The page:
Sports Fashion: Rec Specs vs Neck Pads

By June 4, 2014June 18th, 2018No Comments

Rec-Specs-Vs-Neck-PadsThroughout history, there has been one medium in which men have cared as much about accessorizing as women. That medium is sports. Yes, long before Allen Iverson rocked the unnecessary shooting sleeve and Jim McMahon took douchiness to a new level with his seemingly endless array of headbands, athletes were accessorizing their drab garments. I guess neon spandex and mesh just weren’t enough. Over the years, two ridiculous sports accessories have stood out amongst the rest: rec specs and neck pads. But which one reigns supreme? Let’s explore this question in a battle of ridiculous sports accessories!

Rec Specs:
If you grew up in the ’80s or ’90s, you probably had a friend or a sibling who wore rec specs. That friend or sibling likely used “My glasses broke last time I wore them in a game” as a defense when you inevitably made fun of said spectacles. Rec spec enthusiasts often spent more time defending their eye wear than actually playing sports in them. Rec spec wearers are thick-skinned, an essential quality in an athlete. One point for rec specs. They build character.

Moving right along, consider the numerous awesome athletes whose faces have been graced by rec specs. The list is long and dignified, including Eric Dickerson, Kareem Abdul-Jabbar and Kurt Rambis. And let’s not forget about those people in your middle school basketball action photos who sported the specs shame-free. Those people likely also had mullets. Another point for rec specs. When you wear ‘em, you’re in good company.

Perhaps even more impressive than the rich history of rec specs is the staying power of these bad boys. Sure, they’ve evolved over time, but rec specs, in some incarnation, are still alive and well in sports. Let’s take Amar’e Soudemire, for instance. Amar’e subscribes to the new school tradition of rec specs. You know, sleek, shiny and fitted. He thinks he’s so cool playing in NYC with his designer sports glasses. Still rec specs. Yet another point for rec specs.

Neck Pads:
Also commonly known as neck rolls or collars, these accessories gave the impression that an athlete was on steroids (which they very well might have been) when they became an epidemic in the ’80s and ’90s. Every white linebacker had to sport neck pads to look bigger and more intimidating. Just ask Brian Bosworth. Large white linebacker without neck roll: child’s play. Large white linebacker with neck roll: psycho ex-girlfriend with a restraining order scary. One point for neck pads.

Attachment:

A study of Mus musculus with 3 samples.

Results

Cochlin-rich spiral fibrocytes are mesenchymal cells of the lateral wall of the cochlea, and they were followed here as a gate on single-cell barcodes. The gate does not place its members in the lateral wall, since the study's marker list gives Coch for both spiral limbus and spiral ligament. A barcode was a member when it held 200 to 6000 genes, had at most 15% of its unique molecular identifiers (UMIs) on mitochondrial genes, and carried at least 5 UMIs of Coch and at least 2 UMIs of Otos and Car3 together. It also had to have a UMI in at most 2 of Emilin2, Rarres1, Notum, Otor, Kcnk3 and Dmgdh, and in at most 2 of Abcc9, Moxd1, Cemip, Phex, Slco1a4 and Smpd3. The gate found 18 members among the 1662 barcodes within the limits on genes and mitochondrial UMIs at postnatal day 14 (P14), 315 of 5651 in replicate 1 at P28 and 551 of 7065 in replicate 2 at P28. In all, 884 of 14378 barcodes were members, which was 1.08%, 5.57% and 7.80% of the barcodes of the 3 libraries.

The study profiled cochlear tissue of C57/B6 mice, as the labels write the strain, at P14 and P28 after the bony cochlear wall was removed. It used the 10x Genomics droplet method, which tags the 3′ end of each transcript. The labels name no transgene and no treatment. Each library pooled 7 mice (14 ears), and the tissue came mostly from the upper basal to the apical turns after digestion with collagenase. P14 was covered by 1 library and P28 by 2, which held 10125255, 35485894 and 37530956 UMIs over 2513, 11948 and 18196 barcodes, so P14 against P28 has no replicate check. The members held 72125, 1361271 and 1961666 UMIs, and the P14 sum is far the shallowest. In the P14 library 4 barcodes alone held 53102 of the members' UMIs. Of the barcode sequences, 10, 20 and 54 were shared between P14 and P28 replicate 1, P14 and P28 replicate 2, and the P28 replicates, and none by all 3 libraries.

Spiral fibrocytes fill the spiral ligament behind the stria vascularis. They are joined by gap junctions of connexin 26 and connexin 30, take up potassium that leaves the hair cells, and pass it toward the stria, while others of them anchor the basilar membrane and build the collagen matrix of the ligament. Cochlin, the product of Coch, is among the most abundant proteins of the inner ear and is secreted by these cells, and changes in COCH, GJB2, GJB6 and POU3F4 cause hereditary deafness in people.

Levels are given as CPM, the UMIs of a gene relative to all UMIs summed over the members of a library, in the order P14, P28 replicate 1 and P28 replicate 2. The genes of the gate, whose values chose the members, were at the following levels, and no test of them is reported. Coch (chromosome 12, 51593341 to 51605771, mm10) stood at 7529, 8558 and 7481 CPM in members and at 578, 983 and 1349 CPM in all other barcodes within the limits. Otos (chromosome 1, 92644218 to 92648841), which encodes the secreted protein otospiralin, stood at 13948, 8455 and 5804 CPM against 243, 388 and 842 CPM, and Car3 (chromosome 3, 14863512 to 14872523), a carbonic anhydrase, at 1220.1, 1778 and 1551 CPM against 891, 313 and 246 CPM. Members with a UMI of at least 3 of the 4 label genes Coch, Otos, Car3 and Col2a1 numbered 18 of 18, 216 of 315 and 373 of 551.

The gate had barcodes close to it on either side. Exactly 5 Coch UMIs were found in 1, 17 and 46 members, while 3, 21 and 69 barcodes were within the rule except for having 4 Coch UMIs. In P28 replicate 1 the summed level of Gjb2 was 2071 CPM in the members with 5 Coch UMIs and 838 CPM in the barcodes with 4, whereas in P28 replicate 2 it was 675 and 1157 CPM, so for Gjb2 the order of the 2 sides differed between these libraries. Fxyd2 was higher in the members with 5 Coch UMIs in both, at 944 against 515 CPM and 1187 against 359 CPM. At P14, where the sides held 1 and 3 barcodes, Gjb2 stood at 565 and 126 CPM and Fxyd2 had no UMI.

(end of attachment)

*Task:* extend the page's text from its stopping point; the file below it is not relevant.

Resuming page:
For a while, neck collars became trendy thanks to guys like Brian Cox. Only dudes like Brian could make the Dracula-esque high collars cool. Talent tends to open doors that average people never get to walk through. Other notable neck collar wearers: Pat Fitzgerald and Earl Wilkinson from “The Replacements.” Another point for neck pads, mainly because Earl Wilkinson is a baller.

While we’re on the subject of neck pads, rolls, collars and other neck-cessories, let’s discuss the usefulness of said equipment. Who am I kidding? They have no use whatsoever. Neck pads are among the most ridiculous, irrelevant sports accessories of all time. I’d put them up there with Power Bands and gold chains (unless you’re Razor Ramon) as the dumbest sports accessories ever. I award neck pads zero points in the third and final round of this battle of sports accessory awesomeness.

When it comes to ridiculous sports accessories, rec specs and neck pads are the Keenan and Kel. Neither rec specs nor neck pads are very necessary, but at least rec specs serve a purpose for those who are contact-averse of have chronic dry eye. I wish I could say the same for neck pads, but as evidenced by their recent disappearing act from football stadiums across America, they’re pretty irrelevant. Thus, rec specs are the winner of this particular battle. If you have any doubts about the dominance of rec specs, just take a peep at an ’80s high school yearbook, and you’ll see copious evidence of their superiority.

Which ridiculous sports accessory do you think reigns supreme? Holla at us in the comments section or on Twitter @BaconSports to make your voice heard!

Rebecca Ramos

Rebecca Ramos

Business casual by week, sports chic by weekend. Originally from Pittsburgh, Rebecca bleeds Black and Gold and cites Casey Hampton as her all-time favorite Steeler. Warning: do not approach her directly after a Steelers loss.